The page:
Virgin Orbit ceasing operations 'for the foreseeable future:' report

747 airplane dropping a small rocket with the curve of earth within view
Virgin Orbit's Boeing 747 carrier plane Cosmic Girl photographed releasing the company's LauncherOne rocket during a July 2019 drop test. (Image credit: Virgin Orbit/Greg Robinson)

Virgin Orbit is ceasing operations "for the foreseeable future" and laying off about 90% of its workforce, according to CNBC.

Virgin Orbit CEO Dan Hart announced the news during an all-hands meeting of the company on Thursday afternoon (March 30), CNBC's Michael Sheetz reported.

"Unfortunately, we've not been able to secure the funding to provide a clear path for this company," Hart said Thursday, according to Sheetz, who obtained audio of the meeting. "We have no choice but to implement immediate, dramatic and extremely painful changes."

Related: Failed Virgin Orbit launch leaves open opportunity for UK as a space 'underdog'

Virgin Orbit has been trying for weeks to battle through a tough financial situation. The company, part of billionaire Richard Branson's Virgin Group, paused operations and furloughed most of its employees on March 15 while it tried to secure enough funding to move forward. 

About a week ago, the company seemed close to snagging a lifeline, in the form of a $200 million investment from Texas-based venture capitalist Matthew Brown. But that deal apparently fell through.

Adding to Virgin Orbit's difficulties was the failure of its most recent launch, from Spaceport Cornwall in England on Jan. 9, which resulted in the loss of nine satellites. The company traced the anomaly to a fuel filter in the upper stage of its 70-foot-long (21 meters) LauncherOne rocket. The fuel filter was knocked loose during the flight, a failure investigation determined.

Prior to the Jan. 9 mission, which aimed to be the first successful orbital launch ever to take off from the United Kingdom, Virgin Orbit had enjoyed four straight successful missions. Together, those flights delivered a total of 33 satellites to orbit.

LauncherOne lifts off beneath the wing of a modified 747 named Cosmic Girl. The plane drops the rocket high in the sky, and LauncherOne then makes its own way to orbit.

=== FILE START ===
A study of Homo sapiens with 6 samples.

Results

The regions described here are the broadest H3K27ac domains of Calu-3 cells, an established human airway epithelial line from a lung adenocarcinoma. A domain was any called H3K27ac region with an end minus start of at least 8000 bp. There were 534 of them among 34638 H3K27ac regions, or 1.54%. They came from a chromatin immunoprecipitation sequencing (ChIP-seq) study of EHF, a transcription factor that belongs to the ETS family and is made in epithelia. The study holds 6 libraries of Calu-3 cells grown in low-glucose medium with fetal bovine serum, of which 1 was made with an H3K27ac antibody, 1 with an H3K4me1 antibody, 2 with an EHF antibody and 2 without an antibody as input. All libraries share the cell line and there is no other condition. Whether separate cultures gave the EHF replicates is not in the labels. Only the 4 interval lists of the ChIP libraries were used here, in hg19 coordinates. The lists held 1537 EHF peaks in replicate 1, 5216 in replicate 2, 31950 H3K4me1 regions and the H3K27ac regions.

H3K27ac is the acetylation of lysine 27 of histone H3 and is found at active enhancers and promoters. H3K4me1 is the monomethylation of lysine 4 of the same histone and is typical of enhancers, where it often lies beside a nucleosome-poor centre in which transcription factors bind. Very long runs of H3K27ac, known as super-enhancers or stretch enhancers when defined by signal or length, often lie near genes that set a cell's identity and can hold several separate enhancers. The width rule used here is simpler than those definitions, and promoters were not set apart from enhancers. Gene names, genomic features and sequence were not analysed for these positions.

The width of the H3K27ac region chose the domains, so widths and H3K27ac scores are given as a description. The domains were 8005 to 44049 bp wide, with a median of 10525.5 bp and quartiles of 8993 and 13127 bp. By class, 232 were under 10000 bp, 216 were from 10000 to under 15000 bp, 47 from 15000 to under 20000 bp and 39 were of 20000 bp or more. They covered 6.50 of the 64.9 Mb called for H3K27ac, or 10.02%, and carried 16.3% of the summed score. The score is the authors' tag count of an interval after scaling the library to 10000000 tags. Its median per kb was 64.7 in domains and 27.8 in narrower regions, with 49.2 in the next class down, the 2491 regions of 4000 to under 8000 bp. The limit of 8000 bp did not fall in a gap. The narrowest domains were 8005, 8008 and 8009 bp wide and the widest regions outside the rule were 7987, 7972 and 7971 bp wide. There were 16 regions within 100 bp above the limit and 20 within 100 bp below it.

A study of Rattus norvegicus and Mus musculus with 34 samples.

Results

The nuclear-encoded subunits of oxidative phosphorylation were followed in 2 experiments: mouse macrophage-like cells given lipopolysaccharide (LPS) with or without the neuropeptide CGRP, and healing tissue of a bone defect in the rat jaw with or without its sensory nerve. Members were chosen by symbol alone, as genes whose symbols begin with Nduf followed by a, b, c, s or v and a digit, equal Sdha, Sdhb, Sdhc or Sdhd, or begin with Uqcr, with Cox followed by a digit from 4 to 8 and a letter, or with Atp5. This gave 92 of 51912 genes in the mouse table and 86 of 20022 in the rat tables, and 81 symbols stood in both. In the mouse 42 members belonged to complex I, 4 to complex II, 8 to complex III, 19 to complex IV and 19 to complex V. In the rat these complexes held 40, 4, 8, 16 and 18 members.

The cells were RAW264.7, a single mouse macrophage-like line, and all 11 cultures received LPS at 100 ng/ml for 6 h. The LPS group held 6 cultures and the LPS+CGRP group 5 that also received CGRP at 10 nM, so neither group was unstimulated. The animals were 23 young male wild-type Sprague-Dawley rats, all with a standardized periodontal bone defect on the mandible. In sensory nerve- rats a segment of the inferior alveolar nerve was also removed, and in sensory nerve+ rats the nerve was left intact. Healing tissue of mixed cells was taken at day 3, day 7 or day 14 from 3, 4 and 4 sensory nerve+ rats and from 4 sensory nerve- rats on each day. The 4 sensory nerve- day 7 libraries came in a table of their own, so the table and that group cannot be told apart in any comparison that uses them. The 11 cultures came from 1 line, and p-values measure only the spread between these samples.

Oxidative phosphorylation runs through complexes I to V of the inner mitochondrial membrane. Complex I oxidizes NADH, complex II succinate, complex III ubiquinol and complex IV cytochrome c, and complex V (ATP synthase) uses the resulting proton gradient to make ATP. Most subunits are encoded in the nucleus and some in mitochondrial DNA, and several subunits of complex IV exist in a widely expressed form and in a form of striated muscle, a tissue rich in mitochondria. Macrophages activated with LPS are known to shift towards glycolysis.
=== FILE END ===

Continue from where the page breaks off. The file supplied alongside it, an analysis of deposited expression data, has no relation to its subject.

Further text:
Virgin Orbit has touted this air-launch strategy — which is also employed by its sister company Virgin Galactic — as more flexible and responsive than the use of traditional vertically launched rockets.

Virgin Orbit will provide a severance package to all of the employees who will be let go, Hart said during Thursday's all-hands meeting, according to CNBC's Sheetz.

"This company, this team — all of you — mean a hell of a lot to me," Hart said during the meeting. "And I have not, and will not, stop supporting you, whether you're here on the journey or if you're elsewhere."

Mike Wall is the author of "Out There" (Grand Central Publishing, 2018; illustrated by Karl Tate), a book about the search for alien life. Follow him on Twitter @michaeldwall. Follow us on Twitter @Spacedotcom or Facebook.

Senior Space Writer

Michael Wall is a Senior Space Writer with and joined the team in 2010. He primarily covers exoplanets, spaceflight and military space, but has been known to dabble in the space art beat. His book about the search for alien life, "Out There," was published on Nov. 13, 2018. Before becoming a science writer, Michael worked as a herpetologist and wildlife biologist. He has a Ph.D. in evolutionary biology from the University of Sydney, Australia, a bachelor's degree from the University of Arizona, and a graduate certificate in science writing from the University of California, Santa Cruz. To find out what his latest project is, you can follow Michael on Twitter.